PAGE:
Iowa football team hoping to avoid 0-3 start heading into Michigan State matchup

There’s little margin for error moving forward if the Hawkeyes want to contend in the Big Ten West.


Shivansh Ahuja

Iowa center Tyler Linderbaum throws a block during the 2019 SDCCU Holiday Bowl between Iowa and USC in San Diego on Friday, Dec. 27, 2019. The Hawkeyes defeated the Trojans, 49-24.

Isaac Goffin, Assistant Sports Editor

In the shortened 2020 Big Ten regular season, the third game of the season may have bigger implications than in other seasons for Iowa (0-2).

With a 24-20 loss at Purdue and a 21-20 loss versus Northwestern, a home game against Michigan State (1-1) may be a must win for Iowa if it wants to stay alive in the race to win the Big Ten West.

Michigan State upset No. 13 Michigan in Ann Arbour last week, 27-24, and is under head coach Mel Tucker, who’s in his first season coaching in East Lansing. But the Hawkeyes are focused on themselves first. Iowa head coach Kirk Ferentz said he thinks everyone on his team can find ways to do things a little bit better.

“Our guys have done a lot of good things over the past six or seven months,” Ferentz said. “Certainly, very unusual circumstances, unusual times. I think the guys have handled it well day-by-day, week-by-week, and where we stand right now is, what we need to do is keep pushing forward and see what we can do to try to get over on the winning side of things, and it gets down to focusing on improvement and that’s every practice, everyday, not looking too far down the road and doing a better job in the detail. That’s what we need to be doing right now as we move forward.”

Typically, a team’s performance comes down to its quarterback. For Iowa, Spencer Petras’ performance has been mediocre at best so far in his first two games ever as a starter.

At Purdue, Petras failed to throw for a TD but did run one in as he finished the day 22-of-39 for 265 yards. In the home opener against Northwestern, Petras threw for a touchdown — and three interceptions — as he attempted 50 passes throughout the game.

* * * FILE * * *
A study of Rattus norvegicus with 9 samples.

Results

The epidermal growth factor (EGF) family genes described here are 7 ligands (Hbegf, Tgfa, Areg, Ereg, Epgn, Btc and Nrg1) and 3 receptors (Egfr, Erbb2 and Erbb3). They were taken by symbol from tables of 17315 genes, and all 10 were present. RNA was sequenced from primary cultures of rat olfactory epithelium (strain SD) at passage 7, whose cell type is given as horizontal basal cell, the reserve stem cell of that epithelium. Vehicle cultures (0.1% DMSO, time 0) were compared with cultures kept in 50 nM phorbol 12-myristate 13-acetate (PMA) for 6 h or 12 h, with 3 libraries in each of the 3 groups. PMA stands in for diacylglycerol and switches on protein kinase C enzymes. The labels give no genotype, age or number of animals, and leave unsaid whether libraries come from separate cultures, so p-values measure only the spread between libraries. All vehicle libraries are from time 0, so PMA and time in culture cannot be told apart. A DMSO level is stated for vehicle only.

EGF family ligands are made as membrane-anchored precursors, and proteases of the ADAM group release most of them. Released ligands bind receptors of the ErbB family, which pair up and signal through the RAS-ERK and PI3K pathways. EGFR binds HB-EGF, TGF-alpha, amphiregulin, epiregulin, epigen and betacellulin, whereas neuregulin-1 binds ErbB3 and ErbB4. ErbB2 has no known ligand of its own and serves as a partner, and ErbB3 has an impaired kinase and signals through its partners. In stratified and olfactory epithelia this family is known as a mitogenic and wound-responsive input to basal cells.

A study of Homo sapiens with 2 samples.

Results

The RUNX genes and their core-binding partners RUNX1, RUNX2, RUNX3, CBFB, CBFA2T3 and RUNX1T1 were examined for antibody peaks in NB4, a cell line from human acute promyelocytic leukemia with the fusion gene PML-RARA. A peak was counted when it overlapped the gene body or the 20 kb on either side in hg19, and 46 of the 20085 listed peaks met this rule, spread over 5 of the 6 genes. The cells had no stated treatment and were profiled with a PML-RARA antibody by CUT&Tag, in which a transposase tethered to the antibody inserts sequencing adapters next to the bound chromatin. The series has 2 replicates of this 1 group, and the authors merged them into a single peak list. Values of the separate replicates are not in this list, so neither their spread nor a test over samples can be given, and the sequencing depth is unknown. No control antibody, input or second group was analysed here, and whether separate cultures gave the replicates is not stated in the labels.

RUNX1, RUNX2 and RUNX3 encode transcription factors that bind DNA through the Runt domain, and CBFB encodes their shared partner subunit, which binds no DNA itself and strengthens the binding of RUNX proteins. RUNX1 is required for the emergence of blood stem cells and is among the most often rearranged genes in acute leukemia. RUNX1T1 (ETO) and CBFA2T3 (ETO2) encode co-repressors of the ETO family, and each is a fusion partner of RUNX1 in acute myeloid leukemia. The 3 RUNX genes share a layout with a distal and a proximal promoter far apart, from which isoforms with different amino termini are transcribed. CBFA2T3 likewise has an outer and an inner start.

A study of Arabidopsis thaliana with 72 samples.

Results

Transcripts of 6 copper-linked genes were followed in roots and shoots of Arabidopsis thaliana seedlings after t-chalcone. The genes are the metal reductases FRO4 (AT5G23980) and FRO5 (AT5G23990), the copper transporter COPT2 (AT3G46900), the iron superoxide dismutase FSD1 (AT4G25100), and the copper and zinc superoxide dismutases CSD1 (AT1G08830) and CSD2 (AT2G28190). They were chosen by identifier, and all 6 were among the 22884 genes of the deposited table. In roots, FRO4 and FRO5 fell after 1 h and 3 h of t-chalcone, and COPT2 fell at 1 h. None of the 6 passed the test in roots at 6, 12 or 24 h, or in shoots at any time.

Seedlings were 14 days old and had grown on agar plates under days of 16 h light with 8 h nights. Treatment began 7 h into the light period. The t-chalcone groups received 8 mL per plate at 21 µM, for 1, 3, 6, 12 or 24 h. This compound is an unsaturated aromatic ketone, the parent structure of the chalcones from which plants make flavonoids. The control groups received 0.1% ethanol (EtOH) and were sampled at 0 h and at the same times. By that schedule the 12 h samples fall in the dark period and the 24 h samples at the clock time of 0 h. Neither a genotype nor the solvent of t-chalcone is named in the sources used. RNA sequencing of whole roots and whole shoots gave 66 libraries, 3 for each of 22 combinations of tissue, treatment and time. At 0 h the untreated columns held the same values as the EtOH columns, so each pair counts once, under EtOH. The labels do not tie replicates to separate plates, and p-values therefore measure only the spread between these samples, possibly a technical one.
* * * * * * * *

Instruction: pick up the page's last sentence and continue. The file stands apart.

In both games, the Hawkeyes have had a solid start in the first half. But it’s been a different story in the second half, with three points scored against the Boilermakers and none in the game against the Wildcats.

“It just comes down to execution,” Linderbaum said. “It’s not like we’re not trying to score points in the second half, it just hasn’t been going our way. The big focus is execution, and just try to push that ball through in the second half and just finish games.”

With Petras still adjusting as the lead signal caller, the run game is crucial. The Hawkeyes threw 50 times last week and strayed away from the ground game, which Ferentz said after the defeat is not how the team wants to play. Linderbaum said it was on the five offensive linemen to set the tempo for the run game right away.

The Hawkeyes rushed for 195 yards against the Boilermakers but found the Wildcats to be a bigger challenge, rushing 77 yards against them. The Spartans have given up 129 rushing yards per game.

“They’re a heavy box team,” Iowa running back Tyler Goodson said. “One high safety. So, the main thing for us is just to get to know how linebackers play, whether they’re over playing or slow playing or how their front d-line play. They’re a good defense and we have a pretty good offense, it’s just all about the technical things and what we can do better to improve and be successful in the run game.”